Over the years, we have written about a number of the sleuths who, on their own time and often at great risks to their careers or finances, have looked for issues in the scientific literature. Here’s a sampling:
- David Allison and Andrew Brown tried getting journals to correct or retract two dozen papers with obvious errors. The results weren’t pretty.
Elisabeth “Eagle Eyes” Bik showed that one in 25 papers she examined had evidence of inappropriate image manipulation.
- Jennifer Byrne became a literature watchdog after she found a bunch of errors in DNA constructs reported by papers. The number of papers that have resulted from her inquiries keeps climbing.
- John Carlisle was instrumental in exposing the statistical anomalies in the work of Yoshitaka Fujii, who tops our leaderboard with 183 retractions. Another of Carlisle’s projects looked at more than 5,000 clinical trials, and flagged a study in the New England Journal of Medicine that was retracted and replaced last week.
Michael Dougherty has become the philosophy plagiarism police.
- Malte Elson and Patrick Markey paid a price for being right about problems in a study of violent video games.
- James Heathers — who calls himself a “data thug” — and Nick Brown have been central to the Brian Wansink saga, and have created tools that others can use to detect problems.
- Three years ago, Joshua Kalla and David Broockman began to think something wasn’t right with a paper in Science about how best to change people’s minds about same-sex marriage. They were right, and the retraction captured international attention.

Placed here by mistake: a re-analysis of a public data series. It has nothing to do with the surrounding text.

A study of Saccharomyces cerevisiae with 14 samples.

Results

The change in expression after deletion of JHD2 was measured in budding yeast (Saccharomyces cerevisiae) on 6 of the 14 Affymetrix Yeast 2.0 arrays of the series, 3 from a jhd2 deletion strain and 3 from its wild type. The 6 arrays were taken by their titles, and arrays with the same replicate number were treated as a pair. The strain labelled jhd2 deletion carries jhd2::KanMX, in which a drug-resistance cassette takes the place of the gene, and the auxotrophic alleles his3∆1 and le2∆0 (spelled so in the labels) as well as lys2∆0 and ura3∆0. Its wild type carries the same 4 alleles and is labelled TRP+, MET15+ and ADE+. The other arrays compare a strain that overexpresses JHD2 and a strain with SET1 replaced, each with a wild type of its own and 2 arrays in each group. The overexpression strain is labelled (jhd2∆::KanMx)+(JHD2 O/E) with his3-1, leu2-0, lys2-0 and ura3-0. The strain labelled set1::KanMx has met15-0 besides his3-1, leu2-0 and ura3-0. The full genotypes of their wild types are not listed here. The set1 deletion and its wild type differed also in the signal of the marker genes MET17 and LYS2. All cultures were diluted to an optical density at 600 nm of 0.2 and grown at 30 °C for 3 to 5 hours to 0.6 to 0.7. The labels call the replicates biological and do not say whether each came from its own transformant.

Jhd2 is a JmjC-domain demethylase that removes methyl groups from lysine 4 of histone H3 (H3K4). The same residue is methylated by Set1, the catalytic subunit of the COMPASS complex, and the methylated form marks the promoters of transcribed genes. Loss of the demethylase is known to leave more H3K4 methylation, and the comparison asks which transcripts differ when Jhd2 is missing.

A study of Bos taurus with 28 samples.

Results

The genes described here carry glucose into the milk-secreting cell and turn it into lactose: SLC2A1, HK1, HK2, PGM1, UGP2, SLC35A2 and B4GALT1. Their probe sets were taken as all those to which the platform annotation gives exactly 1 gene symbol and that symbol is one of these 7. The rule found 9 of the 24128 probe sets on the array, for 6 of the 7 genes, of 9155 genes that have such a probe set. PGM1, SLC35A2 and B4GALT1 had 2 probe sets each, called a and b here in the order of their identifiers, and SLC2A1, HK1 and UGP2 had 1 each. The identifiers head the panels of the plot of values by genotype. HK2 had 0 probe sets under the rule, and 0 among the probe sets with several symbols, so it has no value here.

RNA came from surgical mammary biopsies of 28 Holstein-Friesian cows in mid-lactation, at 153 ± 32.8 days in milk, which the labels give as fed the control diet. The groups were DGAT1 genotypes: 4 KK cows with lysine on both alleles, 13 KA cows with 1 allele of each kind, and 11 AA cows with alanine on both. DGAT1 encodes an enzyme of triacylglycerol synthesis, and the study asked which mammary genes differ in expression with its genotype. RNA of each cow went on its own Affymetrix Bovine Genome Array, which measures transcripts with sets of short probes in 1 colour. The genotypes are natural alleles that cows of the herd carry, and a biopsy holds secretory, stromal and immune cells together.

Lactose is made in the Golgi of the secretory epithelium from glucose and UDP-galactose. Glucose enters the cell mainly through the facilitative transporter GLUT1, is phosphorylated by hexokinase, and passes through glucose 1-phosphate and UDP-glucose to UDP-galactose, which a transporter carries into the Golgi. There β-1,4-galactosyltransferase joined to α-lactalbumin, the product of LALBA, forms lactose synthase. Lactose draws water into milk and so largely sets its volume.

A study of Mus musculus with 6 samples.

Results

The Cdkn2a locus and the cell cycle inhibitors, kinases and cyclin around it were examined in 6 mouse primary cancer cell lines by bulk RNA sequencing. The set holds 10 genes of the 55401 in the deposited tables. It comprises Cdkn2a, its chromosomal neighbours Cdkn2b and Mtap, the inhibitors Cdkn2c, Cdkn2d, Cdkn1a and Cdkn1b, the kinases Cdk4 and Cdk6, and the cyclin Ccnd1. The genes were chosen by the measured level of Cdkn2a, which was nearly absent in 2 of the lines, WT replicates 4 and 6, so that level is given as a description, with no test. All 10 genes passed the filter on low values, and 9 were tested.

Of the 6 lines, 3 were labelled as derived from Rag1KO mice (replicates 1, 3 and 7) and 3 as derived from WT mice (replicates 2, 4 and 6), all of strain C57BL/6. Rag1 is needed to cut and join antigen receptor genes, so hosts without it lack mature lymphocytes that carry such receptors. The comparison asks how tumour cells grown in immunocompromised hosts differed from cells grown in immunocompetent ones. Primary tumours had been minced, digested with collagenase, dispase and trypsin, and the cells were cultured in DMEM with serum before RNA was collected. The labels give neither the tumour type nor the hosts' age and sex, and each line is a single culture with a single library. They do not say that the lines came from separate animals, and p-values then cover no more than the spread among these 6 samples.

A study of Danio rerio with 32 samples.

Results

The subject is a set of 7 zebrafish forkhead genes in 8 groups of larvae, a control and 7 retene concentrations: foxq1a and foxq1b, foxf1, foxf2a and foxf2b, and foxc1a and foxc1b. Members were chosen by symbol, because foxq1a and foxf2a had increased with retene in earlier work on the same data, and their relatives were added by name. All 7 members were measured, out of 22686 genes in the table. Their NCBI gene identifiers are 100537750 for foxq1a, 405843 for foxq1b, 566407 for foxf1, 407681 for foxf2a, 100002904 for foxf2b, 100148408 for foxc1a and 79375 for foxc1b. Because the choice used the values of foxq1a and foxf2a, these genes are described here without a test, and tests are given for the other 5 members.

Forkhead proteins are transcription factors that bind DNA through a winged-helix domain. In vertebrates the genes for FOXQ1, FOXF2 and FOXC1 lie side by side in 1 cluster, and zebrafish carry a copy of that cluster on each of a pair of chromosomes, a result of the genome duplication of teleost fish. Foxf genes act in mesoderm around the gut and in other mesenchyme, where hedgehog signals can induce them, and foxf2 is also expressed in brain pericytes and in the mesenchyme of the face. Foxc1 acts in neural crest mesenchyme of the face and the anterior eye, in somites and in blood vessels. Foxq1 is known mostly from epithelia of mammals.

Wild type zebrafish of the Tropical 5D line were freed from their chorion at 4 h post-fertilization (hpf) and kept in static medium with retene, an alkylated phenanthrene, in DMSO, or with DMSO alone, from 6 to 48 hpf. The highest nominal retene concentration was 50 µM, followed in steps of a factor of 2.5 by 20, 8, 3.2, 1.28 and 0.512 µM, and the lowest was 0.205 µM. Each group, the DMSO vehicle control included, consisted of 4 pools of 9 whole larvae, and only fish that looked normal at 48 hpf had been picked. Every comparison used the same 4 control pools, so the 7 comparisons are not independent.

- The grad student who raised concerns about the work of Cornell psychology researcher Robert Sternberg was Brendan O’Connor. Another “data thug” is born.
- Mike Rossner has made a name for himself as an image manipulation detective for more than a decade.
- Deborah Weber-Wulff is a key member of VroniPlag Wiki, a group of German-language scientists who have been scanning for — and publicly tracking — cases of plagiarism.
Look for more profiles of such sleuths in the coming months. And a request: Our work takes resources, and we’d be grateful if you could consider a donation to support our work. Contribute by PayPal here, Crowdrise here, or by check made out to The Center For Scientific Integrity, 121 W. 36th St., Suite 209, New York, NY 10018.